By Zeb Holmes and Ugur Nedim
Adults who encourage children to commit crimes could face lengthy prison sentences under new laws to be introduced into Victorian Parliament.
The proposal comes on the back of assertions by Victoria Police that organised crime groups are grooming young members of gangs like Apex to commit armed robberies and steal cars.
The new legislation, to be introduced next year, will create the new offence of ‘procuring young people to commit offences’ and will apply to all crimes. It comes with a maximum penalty of 10 years in prison.
The proposed law has been dubbed Fagin’s law, after the antagonist in the Charles Dickens novel Oliver Twist who teaches children to steal in exchange for food and shelter.
“We know, in some instances, where young people are stealing in particular, they’re doing so at the behest of older criminals,” Attorney-General Martin Pakula said, claiming the new laws will make it easier for police to protect the community.
Fagin’s law is much broader than the existing offence of ‘incitement’, which requires proof beyond reasonable doubt of a specific crime being procured.
“This is more general, this is about criminals who, for example, just tell young people to steal things and bring them to them for payment,” Mr Pakula said. “There is a gap in that law at the moment.”
Other new laws
Fagin’s law is the latest attempt to address youth crime in Victoria.
The state government has also proposed to implement new youth control orders, which would give the Children’s Court power to:
- Prohibit children from associating with specific people,
- Require them to go to school, training or work, and
- Order curfews.
Children who fail to comply can be taken into custody.
The government also plans to:
- Implement a stricter bail monitoring scheme,
- Increase maximum penalties for children from 3 to 4 years, and
- Have more kids dealt with by adult courts.
The reforms are a response to relentless reporting by the mainstream media of a youth crime wave in Victoria, and resulting public sentiment that the government needs to get tougher on crime.
The government has also announced that 2700 extra police will be recruited over the next 4 years to address the issue, at a cost of $2 billion.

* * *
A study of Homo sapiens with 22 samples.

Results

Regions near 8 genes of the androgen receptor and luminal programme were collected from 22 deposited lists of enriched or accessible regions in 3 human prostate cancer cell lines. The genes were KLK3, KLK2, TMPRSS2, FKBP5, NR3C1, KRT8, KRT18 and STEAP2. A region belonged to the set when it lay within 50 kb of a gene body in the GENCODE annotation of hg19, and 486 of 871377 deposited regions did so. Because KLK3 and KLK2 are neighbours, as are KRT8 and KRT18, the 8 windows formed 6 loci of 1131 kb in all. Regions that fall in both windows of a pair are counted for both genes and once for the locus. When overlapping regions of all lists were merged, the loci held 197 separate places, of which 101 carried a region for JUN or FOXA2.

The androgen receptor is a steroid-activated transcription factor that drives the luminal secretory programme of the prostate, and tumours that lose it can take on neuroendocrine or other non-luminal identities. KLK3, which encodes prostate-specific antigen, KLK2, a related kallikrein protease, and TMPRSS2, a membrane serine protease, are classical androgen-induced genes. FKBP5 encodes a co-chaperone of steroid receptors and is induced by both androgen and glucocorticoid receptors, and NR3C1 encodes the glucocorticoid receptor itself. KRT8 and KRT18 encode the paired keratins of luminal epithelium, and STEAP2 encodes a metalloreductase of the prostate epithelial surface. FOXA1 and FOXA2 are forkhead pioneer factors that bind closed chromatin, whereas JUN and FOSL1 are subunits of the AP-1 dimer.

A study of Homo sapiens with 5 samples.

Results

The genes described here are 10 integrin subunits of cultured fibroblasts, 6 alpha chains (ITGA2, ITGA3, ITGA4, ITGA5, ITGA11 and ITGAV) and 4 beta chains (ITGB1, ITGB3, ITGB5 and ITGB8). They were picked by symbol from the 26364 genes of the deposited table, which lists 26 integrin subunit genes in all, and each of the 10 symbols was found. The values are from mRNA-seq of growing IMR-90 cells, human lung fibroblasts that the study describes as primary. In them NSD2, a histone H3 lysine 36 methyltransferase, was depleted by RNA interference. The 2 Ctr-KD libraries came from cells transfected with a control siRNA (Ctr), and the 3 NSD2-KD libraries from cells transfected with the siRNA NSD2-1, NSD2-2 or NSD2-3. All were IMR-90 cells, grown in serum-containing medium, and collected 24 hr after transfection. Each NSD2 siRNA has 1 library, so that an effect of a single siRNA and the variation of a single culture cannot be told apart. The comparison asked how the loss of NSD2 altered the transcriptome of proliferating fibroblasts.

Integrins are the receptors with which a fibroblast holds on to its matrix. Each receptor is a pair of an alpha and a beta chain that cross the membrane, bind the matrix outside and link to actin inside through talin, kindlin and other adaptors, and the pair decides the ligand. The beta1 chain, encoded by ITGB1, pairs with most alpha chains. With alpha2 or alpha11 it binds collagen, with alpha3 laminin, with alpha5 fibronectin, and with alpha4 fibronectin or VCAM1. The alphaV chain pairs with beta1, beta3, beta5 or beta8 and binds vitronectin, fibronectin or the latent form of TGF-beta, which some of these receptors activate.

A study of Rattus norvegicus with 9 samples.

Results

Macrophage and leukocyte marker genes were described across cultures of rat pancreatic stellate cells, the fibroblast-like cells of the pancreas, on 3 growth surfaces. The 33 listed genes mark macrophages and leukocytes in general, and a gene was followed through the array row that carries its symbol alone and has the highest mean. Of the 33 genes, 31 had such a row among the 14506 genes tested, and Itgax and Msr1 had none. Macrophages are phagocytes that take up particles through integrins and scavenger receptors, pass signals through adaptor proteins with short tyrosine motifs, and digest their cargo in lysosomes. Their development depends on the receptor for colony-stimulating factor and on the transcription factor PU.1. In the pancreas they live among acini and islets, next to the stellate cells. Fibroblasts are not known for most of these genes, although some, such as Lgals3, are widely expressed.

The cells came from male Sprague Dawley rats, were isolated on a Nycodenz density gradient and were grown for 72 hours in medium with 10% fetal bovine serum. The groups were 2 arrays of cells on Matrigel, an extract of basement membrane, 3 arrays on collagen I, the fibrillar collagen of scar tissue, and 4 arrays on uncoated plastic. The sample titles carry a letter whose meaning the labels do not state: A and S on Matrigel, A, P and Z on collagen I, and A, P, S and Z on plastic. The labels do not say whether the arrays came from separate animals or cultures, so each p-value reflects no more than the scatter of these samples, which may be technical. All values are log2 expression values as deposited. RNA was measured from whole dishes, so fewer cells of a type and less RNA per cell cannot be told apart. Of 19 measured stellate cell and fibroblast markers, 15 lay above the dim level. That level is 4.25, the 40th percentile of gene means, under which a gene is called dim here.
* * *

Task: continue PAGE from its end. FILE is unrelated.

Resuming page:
Hugh de Kretser of the Human Rights Law Centre believes that these punitive measures obscure the more important goal of implementing effective early intervention and diversionary programs, thereby helping to break the cycle of crime and reducing reoffending rates.
“Time and time again what we see is governments overinvesting in police at the expense of the listening to what criminologists tell us actually works to drive crime down,” Mr de Kretser said.
A 2012 BOCSAR report highlights the difference between reactive and proactive spending, finding that a 1% increase to income created a decrease in crime much greater than the corresponding increase in arrest probability. Income effects were 14 times larger for property crime and about 5 times higher for violent crime.
The success of Justice Reinvestment programs evidences the benefits of diverting funds towards preventative community spending. For example, Aggression Replacement Therapy reduced crime outcomes by 8.3%, delivering net benefits of $8.34 for every dollar spent on the program. This means that for every $1 spent on the unproven outcomes of increasing police numbers, society effectively loses $8 of more effective investments.
However, it seems that winning votes is more important to politicians than implementing evidence based measures that have proven to reduce crime.